The predicted correlation between first-order immigration episodes and rapid climatic cooling or broader land bridges, as represented by the oxygen isotope record, is corroborated in some cases but miscorrelated in others. Two clearly contradictory episodes are the Oligocene (35 to 30 Ma) and the Middle Miocene (16 to 6 Ma) when, despite major global cooling events, immigration rates were exceedingly low in North America. Possibly no land bridges were accessible in the Oligocene, but this explanation is less likely during the Middle Miocene when Beringian routes were probably accessible. It is more likely that these intervals carried few immigrants because they represent the two most stable chronofaunal phases in North American mammalian history. The Clarendonian chronofauna of the Middle Miocene, despite several episodes of global cooling and severe sea-level excursions, remained nearly closed to intercontinental immigrants. During such robust chronofaunal intervals the continental mammal fauna stood near its ecological capacity.

This analysis of the land mammal record indicates that climatic shifts represented by first-order changes in the isotopic record are necessary but not sufficient causes of first-order immigration episodes into the North American continent. Clearly the question of why the continental ecosystem was open to immigration during certain times of isotopic excursions and resilient to others has fundamental significance in understanding the stability of present and future continental ecosystems.


The rich record of Cenozoic land mammals provides not only a panoramic perspective on evolutionary processes, but also a valuable history of environmental change on the continents. As presently known, Cenozoic mammals number about 4500 genera, including 1051 living genera (M. McKenna, American Museum of Natural History, personal communication, 1992). Excluding bats, the number of extinct genera exceeds that of living genera by a factor of about four. Taxonomically and stratigraphically, land mammals are especially well documented in North America and Europe; on most other continents they are moderately well documented but with significant chronological gaps. Even on Antarctica, fossil mammals are now represented, albeit by only a few Paleogene genera from Seymour Island. Improved methods for sampling smaller forms (e.g., screenwashing and flotation) and continued success in discovering fossils in previously unsampled regions have greatly strengthened the fabric of the global mammalian succession.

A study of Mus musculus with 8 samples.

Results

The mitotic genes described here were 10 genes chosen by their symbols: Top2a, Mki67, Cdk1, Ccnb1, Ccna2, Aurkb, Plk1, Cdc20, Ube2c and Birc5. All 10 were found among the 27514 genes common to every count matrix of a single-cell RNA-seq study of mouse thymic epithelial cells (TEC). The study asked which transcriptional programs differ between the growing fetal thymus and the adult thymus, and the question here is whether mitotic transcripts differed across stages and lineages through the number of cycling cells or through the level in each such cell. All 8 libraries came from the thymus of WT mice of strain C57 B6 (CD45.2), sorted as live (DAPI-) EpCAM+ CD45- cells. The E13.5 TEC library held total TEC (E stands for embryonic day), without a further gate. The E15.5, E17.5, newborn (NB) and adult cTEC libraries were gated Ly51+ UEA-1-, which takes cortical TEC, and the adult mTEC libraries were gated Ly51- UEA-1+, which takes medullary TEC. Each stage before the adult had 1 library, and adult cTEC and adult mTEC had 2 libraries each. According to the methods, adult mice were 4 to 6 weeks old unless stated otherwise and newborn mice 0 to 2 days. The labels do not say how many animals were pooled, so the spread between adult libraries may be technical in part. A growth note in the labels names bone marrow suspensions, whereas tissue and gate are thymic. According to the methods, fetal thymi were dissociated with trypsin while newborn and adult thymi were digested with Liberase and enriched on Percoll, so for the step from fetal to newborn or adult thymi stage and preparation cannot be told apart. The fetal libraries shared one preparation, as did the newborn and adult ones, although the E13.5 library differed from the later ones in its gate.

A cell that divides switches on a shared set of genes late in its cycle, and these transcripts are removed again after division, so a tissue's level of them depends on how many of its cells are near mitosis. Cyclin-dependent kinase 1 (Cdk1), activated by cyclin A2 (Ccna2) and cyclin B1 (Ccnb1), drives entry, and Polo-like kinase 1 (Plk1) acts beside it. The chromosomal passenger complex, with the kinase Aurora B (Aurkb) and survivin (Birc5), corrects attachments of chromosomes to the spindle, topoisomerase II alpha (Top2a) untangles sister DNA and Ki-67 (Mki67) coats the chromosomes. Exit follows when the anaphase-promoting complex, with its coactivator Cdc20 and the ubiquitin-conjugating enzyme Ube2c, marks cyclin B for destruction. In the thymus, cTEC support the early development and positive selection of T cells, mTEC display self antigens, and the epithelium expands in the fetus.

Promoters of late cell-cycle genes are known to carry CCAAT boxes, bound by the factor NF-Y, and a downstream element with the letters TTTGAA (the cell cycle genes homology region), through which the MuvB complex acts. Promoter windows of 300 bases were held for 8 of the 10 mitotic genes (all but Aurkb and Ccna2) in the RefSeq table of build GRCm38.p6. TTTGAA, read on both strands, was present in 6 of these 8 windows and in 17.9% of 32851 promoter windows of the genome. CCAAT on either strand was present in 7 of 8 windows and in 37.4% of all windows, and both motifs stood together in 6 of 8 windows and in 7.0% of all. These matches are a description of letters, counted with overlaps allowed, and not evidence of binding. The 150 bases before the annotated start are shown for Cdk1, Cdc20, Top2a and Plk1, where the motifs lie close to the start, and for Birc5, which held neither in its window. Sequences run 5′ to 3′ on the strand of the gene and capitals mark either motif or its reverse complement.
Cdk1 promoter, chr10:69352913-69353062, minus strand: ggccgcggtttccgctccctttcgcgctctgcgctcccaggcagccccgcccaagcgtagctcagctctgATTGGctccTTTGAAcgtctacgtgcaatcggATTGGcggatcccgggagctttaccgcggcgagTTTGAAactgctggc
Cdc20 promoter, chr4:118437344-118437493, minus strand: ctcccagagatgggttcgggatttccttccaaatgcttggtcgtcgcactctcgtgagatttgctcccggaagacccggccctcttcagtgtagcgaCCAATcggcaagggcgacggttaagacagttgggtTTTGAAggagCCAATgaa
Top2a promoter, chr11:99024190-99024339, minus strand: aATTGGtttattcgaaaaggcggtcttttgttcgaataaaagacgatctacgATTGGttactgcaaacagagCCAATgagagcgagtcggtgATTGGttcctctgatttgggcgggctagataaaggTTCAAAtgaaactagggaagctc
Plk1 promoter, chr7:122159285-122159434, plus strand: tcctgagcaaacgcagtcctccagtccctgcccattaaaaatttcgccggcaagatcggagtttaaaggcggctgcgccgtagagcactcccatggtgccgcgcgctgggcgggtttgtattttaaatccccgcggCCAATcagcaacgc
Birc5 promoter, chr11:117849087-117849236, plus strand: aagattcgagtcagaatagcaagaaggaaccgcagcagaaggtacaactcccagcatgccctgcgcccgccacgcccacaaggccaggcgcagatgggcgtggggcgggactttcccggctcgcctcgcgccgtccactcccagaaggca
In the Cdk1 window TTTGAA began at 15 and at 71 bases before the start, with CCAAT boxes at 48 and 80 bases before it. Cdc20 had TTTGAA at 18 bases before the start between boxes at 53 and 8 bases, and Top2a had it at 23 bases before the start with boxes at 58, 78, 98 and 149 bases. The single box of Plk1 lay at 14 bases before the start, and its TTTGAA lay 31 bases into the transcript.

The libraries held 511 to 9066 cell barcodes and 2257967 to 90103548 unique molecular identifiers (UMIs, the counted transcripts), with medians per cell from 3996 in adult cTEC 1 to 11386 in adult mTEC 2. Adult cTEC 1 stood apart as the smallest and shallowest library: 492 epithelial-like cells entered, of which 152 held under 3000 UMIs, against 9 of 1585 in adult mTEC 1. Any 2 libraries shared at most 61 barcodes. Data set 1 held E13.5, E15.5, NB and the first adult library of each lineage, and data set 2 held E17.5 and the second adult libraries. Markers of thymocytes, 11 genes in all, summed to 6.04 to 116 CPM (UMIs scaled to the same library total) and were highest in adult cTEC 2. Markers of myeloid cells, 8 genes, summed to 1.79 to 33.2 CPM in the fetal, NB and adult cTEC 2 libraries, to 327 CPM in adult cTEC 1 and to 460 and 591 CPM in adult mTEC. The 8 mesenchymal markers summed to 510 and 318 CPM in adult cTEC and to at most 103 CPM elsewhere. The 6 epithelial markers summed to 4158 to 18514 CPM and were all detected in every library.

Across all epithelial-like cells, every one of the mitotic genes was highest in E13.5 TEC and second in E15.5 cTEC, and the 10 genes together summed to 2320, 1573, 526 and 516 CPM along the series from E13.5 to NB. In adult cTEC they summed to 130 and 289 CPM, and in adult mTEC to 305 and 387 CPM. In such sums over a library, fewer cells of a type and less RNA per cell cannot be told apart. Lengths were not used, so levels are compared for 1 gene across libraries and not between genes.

Similarly, the chronostratigraphic framework for recording the Cenozoic history of land mammals has vastly improved in the past two decades. The succession of fossils, including evolutionary events, immigrations, and extinctions, provides the fundamental data set, but these biostratigraphic data are integrated via the stratigraphic context with other methodologies, most importantly with radiometric dates (principally K/Ar and more recently Ar/ Ar) and paleomagnetic chronology (Lindsay et al., 1984). In North America, the Cenozoic Era is divided into 19 land mammal ages, including 52 (mainly informal but widely recognized) subdivisions (Woodburne, 1987). Thus 66 m.y. of Cenozoic mammalian history in North America can be divided into units that average less than 1.3 m.y. In the late Cenozoic the precision of mammal faunal dates approaches 0.5 m.y., and in favorable sections, wherein paleomagnetic and radiometric data are integrated with biostratigraphic data, particular strata may be resolved chronologically to less than 0.1 m.y. Such sections are not uncommon in western North America (Woodburne, 1987).

As the history of mammalian evolution has become more precisely calibrated, it has become increasingly evident that its tempo is strongly syncopated. Nowhere is that more evident than in the record of land mammals that immigrated to North America. We show that about 70% of immigrant genera were concentrated during about 10% of the Tertiary Period. Of the seven first-order immigration episodes that we define, one may be artifactual, and the six "real" ones occur in closely yoked pairs. In this chapter we investigate the global and regional environmental significance of such major land mammal immigration episodes.